Talking Around the Answer
Ever see a really smart scientist on the news just unable to answer a question? They'll hem and haw, maybe even look nervous, and talk around the answer. It's not that they don't know the answer, it's that they're caught between a rock and a really squishy place on National News.
The squishy part is the big, uneducated, uninformed audience that probably can't process anything too complicated so leaving chunks out is okay as long as they get the gist. But the rock is the educated, informed audience that will hold that expert accountable later saying, "Oh, yeah? Well what about this detail you completely failed to mention?"
They know the answer is complicated, and they need to simplify that answer, but they still need to be accurate. Anytime you simplify an answer or a problem, you're leaving large chunks of detail out. It's the very nature of modeling Ė a model needs to be simpler than the thing it's modeling or it kind of becomes useless as a model and becomes the actual thing.
So the expert dithers. Adds enough detail to let the informed audience know he knows what he's talking about while losing his uninformed audience. And he doesn't quite manage to add enough detail to satisfy the informed audience because, hey, they already know so how are they going to be satisfied unless you add some new details?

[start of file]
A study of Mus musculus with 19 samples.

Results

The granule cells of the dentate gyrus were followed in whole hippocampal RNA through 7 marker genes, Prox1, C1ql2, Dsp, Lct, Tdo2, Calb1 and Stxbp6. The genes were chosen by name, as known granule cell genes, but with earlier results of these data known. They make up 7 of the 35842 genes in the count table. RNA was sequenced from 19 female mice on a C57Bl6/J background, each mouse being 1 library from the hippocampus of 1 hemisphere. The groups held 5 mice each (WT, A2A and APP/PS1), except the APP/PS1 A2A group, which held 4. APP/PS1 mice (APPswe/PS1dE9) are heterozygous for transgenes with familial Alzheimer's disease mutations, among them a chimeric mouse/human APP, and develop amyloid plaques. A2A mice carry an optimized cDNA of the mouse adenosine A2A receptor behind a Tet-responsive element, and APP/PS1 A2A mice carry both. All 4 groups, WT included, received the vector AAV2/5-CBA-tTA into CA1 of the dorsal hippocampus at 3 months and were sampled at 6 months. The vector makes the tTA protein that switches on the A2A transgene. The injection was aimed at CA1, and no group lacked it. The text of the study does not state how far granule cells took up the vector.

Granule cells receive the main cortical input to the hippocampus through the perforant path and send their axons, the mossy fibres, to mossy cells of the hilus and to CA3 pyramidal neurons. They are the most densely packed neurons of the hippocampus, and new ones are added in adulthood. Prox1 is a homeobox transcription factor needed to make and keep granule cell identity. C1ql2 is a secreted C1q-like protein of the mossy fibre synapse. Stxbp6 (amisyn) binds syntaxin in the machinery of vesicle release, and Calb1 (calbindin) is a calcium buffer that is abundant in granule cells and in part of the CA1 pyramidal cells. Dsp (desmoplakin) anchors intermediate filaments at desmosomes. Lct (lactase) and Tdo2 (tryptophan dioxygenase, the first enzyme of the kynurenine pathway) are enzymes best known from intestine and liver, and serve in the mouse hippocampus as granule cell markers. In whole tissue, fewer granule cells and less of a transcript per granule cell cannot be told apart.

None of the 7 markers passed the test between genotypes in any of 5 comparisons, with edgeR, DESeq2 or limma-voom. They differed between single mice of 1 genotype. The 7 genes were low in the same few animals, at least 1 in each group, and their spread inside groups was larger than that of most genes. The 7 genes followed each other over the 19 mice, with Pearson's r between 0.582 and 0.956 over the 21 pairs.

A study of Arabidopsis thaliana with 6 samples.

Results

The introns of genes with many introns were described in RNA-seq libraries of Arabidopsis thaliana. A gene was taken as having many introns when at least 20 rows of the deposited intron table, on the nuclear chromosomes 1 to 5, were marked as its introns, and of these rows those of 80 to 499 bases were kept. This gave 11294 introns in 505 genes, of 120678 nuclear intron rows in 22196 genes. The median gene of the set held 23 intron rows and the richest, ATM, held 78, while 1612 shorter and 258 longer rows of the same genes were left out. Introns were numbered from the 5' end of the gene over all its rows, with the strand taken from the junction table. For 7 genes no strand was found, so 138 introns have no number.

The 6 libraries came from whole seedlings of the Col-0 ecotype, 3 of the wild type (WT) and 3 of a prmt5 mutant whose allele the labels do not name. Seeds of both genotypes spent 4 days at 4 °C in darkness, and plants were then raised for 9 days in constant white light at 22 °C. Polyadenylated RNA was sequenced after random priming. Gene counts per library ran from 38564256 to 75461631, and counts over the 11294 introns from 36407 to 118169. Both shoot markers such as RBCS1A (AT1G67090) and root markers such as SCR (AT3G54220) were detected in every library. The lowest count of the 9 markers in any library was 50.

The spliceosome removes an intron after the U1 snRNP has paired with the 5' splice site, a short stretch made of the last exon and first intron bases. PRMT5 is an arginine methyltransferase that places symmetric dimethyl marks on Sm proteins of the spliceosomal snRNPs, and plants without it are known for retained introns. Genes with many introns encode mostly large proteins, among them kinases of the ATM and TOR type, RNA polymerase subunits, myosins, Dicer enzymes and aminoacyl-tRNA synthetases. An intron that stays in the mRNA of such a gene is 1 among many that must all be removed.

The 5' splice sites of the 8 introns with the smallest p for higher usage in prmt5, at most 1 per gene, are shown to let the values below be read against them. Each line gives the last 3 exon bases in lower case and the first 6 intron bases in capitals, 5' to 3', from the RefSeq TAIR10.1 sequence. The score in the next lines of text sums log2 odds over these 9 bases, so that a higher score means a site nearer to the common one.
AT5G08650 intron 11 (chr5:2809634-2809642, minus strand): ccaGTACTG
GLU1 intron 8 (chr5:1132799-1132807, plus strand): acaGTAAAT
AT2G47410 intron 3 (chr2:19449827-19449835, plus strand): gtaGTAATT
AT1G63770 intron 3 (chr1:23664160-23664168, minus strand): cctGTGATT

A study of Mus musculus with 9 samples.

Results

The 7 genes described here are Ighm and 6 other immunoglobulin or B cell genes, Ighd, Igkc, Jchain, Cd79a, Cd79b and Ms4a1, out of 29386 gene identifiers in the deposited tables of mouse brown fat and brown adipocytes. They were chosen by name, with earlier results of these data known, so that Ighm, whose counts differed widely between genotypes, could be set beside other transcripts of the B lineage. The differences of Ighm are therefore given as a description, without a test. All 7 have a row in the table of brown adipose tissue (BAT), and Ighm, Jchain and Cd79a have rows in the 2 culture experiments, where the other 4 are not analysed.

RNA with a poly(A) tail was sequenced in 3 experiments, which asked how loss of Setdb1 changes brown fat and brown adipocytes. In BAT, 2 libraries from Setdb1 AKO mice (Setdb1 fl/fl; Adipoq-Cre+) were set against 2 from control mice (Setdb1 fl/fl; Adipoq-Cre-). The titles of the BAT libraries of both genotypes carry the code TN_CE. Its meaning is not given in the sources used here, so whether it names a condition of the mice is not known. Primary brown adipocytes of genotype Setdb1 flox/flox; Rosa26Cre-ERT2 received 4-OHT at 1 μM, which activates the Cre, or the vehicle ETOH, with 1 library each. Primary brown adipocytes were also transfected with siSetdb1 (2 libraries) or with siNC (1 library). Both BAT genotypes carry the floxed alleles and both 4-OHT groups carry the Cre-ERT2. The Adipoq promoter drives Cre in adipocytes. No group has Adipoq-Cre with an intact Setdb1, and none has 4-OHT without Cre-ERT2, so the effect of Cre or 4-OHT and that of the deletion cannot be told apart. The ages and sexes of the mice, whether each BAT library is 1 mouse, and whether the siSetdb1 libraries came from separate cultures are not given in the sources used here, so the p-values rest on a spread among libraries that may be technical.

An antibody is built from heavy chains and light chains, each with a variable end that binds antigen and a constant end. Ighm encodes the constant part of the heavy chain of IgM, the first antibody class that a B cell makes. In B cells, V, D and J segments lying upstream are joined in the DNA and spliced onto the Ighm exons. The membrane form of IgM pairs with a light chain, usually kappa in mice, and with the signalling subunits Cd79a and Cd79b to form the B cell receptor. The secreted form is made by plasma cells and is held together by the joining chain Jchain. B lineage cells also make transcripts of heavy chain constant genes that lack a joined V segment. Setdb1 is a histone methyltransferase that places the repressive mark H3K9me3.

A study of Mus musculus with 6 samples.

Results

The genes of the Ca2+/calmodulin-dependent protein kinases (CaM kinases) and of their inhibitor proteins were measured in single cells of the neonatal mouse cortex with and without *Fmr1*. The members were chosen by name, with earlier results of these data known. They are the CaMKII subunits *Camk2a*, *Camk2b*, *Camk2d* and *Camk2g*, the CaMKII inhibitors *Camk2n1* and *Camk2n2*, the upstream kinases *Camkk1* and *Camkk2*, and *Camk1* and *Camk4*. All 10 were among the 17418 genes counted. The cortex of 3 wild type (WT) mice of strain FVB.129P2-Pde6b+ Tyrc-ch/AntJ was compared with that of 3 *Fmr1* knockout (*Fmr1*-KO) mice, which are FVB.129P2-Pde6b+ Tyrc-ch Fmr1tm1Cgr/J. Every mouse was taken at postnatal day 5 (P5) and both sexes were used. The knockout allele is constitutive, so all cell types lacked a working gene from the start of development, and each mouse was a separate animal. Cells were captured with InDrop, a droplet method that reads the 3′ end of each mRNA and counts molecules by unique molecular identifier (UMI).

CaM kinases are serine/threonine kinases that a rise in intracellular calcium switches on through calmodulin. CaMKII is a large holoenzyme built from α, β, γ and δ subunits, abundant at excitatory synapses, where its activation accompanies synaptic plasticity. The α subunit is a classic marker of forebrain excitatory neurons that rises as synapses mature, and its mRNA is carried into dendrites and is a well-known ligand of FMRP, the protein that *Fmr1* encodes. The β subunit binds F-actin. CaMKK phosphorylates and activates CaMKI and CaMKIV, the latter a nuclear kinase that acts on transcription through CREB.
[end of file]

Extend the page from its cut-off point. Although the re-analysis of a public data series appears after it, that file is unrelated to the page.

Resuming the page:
There are rare people like Carl Sagan and Neil deGrasse Tyson who manage this trick. Carl Sagan did it by talking slowly and with great profundity (read that in a Carl Sagan voice, "greaaat proFUNDity"). He would often answer, "I would truly like to believe your premise but there simply are not enough facts to allow me to answer coherently."
I remember seeing Neil deGrasse Tyson in Portland when someone asked him a question about something new, and he answered (in a somewhat roundabout way), "I haven't had time to really look at that yet, and I don't like to comment on things I don't have a good answer for."
In either case they avoided dithering. They pretty much refused to answer questions on a public stage that they hadn't already prepared an answer for, that they hadn't figured out a way to give a simple answer to a complicated problem.
Too often we just want to shoot from the hip which means an unsatisfying answer, not just to the person asking it but from the person answering. I try, oh I try, to take a lead from Dr. Sagan, or from my old colleague Chris von See who had a remarkable guru quality in his reserved answer (he later told me he was counting to 10 to avoid calling people idiots to their face).
I try, but I still talk around the problem and over explainÖ Sorry about that.